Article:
By Marc Wahl
If you tuned into the Olympic swimming last summer, you might have noticed dark red circles on a few prominent athletes, namely Michael Phelps. With almost half of the world watching, cupping therapy was having its moment in the spotlight. The coverage (and curiosity) spawned hundreds – if not thousands – of features about the background, benefits and potential concerns related to cupping.
I’ve been working as a therapist on the PGA TOUR for over a decade. In my career, I’ve worked over 250 events, helping 40+ pro golfers, including four 2016 Ryder Cup members: Jimmy Walker, Brooks Koepka, JB Holmes and Brandt Snedeker.
I had the opportunity to present about cupping therapy at the 2016 World Golf Fitness Summit and it generated sincere interest from the TPI community. Since I use cupping methods with a few of my players and thought it would be interesting to share some of the insights I’ve gathered.
The topic of cupping can be controversial in the therapy community. I think a lot of it has to do with a lack of exposure and experience. While honoring Traditional Chinese Medicine and all the practitioners who have nurtured cupping, acupuncture, and their traditions through the millennia, I am calling out to those very practitioners and also chiropractors, physiotherapists, golf professionals, physical trainers and the individual public to support one another in open group dialogue and further investigation of this powerful modality for specific and niche performance applications.
Cupping the body arbitrarily without a system may or may not be effective depending on the objective, and we certainly have a responsibility to deliver safe treatments and heed contraindications, however I believe that it is far more efficient and effective to use the FMS/TPI/SFMA system to identify and demonstrate tissue extensibility dysfunctions (TEDs) and then to specifically tailor the cupping treatment to eradicate those restrictions. Simply eradicating any and all restrictions found in the tissues, even when some are not of functional detriment could actually hurt the client’s performance under certain circumstances. The practitioner must ask “why” and what effect the treatment could have on the particular client at that particular time.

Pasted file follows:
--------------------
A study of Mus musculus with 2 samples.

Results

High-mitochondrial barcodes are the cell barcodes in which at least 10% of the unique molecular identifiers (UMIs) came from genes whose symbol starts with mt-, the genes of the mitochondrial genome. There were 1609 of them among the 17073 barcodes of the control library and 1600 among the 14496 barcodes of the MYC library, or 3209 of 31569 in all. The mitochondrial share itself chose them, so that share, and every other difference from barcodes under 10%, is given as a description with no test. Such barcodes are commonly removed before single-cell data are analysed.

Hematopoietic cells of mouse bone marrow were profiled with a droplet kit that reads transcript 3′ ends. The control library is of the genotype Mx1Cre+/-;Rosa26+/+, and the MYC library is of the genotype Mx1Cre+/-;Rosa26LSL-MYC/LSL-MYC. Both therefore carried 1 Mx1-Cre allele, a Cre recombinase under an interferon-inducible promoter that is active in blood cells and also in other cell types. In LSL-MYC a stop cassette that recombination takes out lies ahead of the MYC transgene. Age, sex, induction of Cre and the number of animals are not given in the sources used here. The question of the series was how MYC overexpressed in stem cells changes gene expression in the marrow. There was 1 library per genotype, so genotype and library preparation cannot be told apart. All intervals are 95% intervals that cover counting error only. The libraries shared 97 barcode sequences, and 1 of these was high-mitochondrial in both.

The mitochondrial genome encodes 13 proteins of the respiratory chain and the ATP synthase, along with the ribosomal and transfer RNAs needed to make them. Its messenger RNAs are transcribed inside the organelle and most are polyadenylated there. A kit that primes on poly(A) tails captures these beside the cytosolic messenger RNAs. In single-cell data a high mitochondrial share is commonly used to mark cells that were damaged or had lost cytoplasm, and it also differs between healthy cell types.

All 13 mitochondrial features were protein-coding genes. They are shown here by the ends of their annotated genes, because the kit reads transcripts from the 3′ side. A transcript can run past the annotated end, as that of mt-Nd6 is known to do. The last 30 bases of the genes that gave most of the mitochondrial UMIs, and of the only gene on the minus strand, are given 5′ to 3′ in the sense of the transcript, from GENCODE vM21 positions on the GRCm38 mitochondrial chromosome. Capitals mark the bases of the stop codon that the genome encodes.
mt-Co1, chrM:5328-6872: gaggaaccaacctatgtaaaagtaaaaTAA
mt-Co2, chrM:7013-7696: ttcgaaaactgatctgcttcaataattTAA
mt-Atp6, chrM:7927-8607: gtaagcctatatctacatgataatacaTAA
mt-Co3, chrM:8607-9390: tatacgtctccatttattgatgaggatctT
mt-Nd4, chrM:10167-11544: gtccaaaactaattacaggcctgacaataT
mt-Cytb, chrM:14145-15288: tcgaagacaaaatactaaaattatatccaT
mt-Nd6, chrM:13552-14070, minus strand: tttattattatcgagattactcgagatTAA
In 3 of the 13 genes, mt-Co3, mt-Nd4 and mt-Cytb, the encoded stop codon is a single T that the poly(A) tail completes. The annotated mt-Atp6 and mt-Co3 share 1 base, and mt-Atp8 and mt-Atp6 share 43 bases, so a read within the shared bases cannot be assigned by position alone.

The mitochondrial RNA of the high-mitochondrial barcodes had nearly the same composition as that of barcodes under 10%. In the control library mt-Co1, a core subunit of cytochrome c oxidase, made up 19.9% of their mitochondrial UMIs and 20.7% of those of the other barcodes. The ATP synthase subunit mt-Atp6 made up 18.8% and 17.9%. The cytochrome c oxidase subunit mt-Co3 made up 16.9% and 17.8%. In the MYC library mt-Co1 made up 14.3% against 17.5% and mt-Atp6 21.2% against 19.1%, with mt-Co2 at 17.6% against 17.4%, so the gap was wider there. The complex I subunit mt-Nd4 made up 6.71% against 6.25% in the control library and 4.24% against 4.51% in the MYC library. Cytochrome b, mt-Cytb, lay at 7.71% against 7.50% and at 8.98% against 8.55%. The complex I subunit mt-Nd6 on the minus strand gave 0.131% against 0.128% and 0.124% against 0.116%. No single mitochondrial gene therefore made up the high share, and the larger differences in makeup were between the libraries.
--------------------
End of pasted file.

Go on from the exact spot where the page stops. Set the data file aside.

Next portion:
All “cupping” is not the same, even though it seems anything involving vacuum therapy falls under this label. So many variables can come into play that any combination of dry vs. wet, active vs. passive, dynamic vs. static, degree of intensity, compression by the cup’s edges, as well as the size of the cup, time of dose, health of client, the permutations and therefore outcomes are virtually infinite. It’s impossible to have a conversation about “cupping” without specifying how we are using this tool. Although I am not performing this technique in the same way or for the same purposes as done in Traditional Chinese medicine, I will use the term “cupping” here for the sake of clarity.